By: Shannon Ralph
Reason #9: The dance.
At this moment, I am preparing myself mentally to commence the dance. No, I will not be salsa dancing in my living room. There will be no break dancing in the kitchen. There will be no ballroom dancing in in the bathroom. Rather, I am going to attempt the “let’s-get-something-for-dinner-dance” with Ruanita.
In any relationship, there are dances that must be performed in order to get what we want. There are ruses to play out. As a married person, I can’t help using my intimate knowledge of my spouse to manipulate her to get what I want. Whether it be convincing your spouse you need a dog or a 55-inch plasma television or a night out without the children, we all do it. Any married person who claims they in no way manipulate their spouse is lying to you. That is, unless they are Mother Theresa, in which case they would be a nun and unable to marry anyway. So that is a moot point. Minor manipulation is key to any healthy marriage. We all manipulate.
Tonight, I want Chinese take-out. I am the cook in our family and I really don’t feel like cooking this evening. However, I don’t want to suggest that we order something for dinner because that would make me the “weak” one in our both unspoken and yet way-too-overly-discussed agreement to curb our eating out. So rather than suggesting we get something for dinner, I have to compel Ruanita to suggest it. I have to manipulate her to believe that she wants Chinese food. Hence…the dance. It goes a little something like this:
Me: Are you hungry?
The Wife: Yea. I’m hungry.
Me: What sounds good to you?
The Wife: I don’t know. What sounds good to you?
Me: I don’t know. I am just kind of tired and really would like something good for dinner.
The Wife: Okay.
Me: What would you like me to cook?
The Wife: If you’re tired, I can cook.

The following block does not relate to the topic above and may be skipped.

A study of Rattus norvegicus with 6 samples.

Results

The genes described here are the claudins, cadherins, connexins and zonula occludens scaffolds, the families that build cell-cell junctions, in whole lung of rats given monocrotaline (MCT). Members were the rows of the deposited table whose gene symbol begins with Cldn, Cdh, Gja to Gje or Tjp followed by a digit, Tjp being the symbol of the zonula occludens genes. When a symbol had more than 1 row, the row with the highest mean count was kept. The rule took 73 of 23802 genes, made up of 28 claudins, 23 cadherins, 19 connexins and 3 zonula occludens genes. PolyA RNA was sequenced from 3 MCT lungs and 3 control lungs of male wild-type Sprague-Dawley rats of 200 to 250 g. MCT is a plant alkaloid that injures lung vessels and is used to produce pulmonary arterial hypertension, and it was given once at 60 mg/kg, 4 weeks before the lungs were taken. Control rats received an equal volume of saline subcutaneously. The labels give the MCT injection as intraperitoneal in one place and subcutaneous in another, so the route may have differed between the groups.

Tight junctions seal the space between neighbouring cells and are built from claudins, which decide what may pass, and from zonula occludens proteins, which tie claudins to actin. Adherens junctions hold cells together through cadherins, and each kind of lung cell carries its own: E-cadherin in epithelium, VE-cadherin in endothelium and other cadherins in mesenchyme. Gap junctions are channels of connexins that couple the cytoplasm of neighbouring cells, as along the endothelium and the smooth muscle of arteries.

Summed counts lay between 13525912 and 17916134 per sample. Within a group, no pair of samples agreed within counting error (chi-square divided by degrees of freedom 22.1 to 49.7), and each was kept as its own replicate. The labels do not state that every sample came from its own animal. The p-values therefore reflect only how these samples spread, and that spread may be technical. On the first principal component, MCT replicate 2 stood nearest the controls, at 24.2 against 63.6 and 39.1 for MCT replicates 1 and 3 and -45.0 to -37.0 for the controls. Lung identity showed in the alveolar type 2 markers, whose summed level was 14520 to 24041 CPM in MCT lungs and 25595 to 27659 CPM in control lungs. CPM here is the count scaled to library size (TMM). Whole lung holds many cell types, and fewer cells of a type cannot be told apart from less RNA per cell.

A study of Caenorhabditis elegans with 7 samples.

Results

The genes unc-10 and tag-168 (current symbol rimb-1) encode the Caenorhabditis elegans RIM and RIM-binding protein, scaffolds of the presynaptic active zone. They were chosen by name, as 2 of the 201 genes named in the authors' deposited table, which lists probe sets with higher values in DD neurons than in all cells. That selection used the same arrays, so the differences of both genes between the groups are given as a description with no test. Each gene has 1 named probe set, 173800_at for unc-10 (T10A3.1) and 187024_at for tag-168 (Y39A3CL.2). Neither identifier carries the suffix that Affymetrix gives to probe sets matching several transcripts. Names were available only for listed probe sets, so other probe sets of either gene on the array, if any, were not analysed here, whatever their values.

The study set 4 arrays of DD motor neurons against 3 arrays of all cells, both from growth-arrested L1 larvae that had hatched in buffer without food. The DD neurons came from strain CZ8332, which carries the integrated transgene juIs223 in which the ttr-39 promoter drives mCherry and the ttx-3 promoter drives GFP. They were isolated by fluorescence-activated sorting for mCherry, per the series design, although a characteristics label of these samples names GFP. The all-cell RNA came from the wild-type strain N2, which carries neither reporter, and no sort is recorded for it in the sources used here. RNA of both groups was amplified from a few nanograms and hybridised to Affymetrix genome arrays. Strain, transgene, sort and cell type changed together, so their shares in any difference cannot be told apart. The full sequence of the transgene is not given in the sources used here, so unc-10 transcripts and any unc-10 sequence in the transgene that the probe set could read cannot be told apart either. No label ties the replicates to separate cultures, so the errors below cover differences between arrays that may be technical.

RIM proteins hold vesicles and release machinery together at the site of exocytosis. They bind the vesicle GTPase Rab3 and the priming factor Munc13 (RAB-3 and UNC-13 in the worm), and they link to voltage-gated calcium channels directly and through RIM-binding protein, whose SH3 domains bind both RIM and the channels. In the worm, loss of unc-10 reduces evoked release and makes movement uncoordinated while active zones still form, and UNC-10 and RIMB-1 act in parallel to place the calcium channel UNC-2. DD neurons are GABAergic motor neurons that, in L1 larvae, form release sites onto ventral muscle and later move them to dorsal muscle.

Me: No. I’m the cook in the family. I can cook. Does anything sound good to you (rummaging through the cabinets and fridge as if I am looking for something to eat)?
The Wife: Not really.
Me: Okay….well, we could have bean soup (not a Ruanita favorite). Or……hmmm…we have spaghetti (again, not a favorite).
The Wife: Really?
Me: Yea. Is there something that sounds better to you?
The Wife: Well, what would be easy since you are tired?
Me: Ummm…nothing really. Anything I cook will take time. But that’s okay. I can make whatever you want (note the undercurrent of martyrdom in my response).
The Wife: Well, do you want to get something? Is that what you are hinting at?
Me: (with feigned shock on my face) What?! No…I wasn’t hinting at anything (still rummaging through the cabinets). I can cook. What sounds good?
The Wife: If you want to get something, I would be okay with that. I could be convinced.
Me: (Defiantly) I wasn’t hinting at anything, Ruanita. I can cook.
The Wife: No, you’re tired. Why don’t we get something?
Me: (sounding mockingly defeated) Okay…fine. If you want to. That’s okay with me. What sounds good to you?
The Wife: How about Chinese take-out?
Me: Sure, if you want to get something for dinner, I can do that.
The Wife: Yea…why don’t we do that. It’ll be easier for you.
Me: Okay. If you are going to twist my arm…
Ta-da! (Jazz hands).
There you have it. The dance. Were it not for my tree truck thighs and complete lack of even a modicum or agility and grace, I could have been a professional dancer.
The dance is one more way that my marriage is just like your marriage.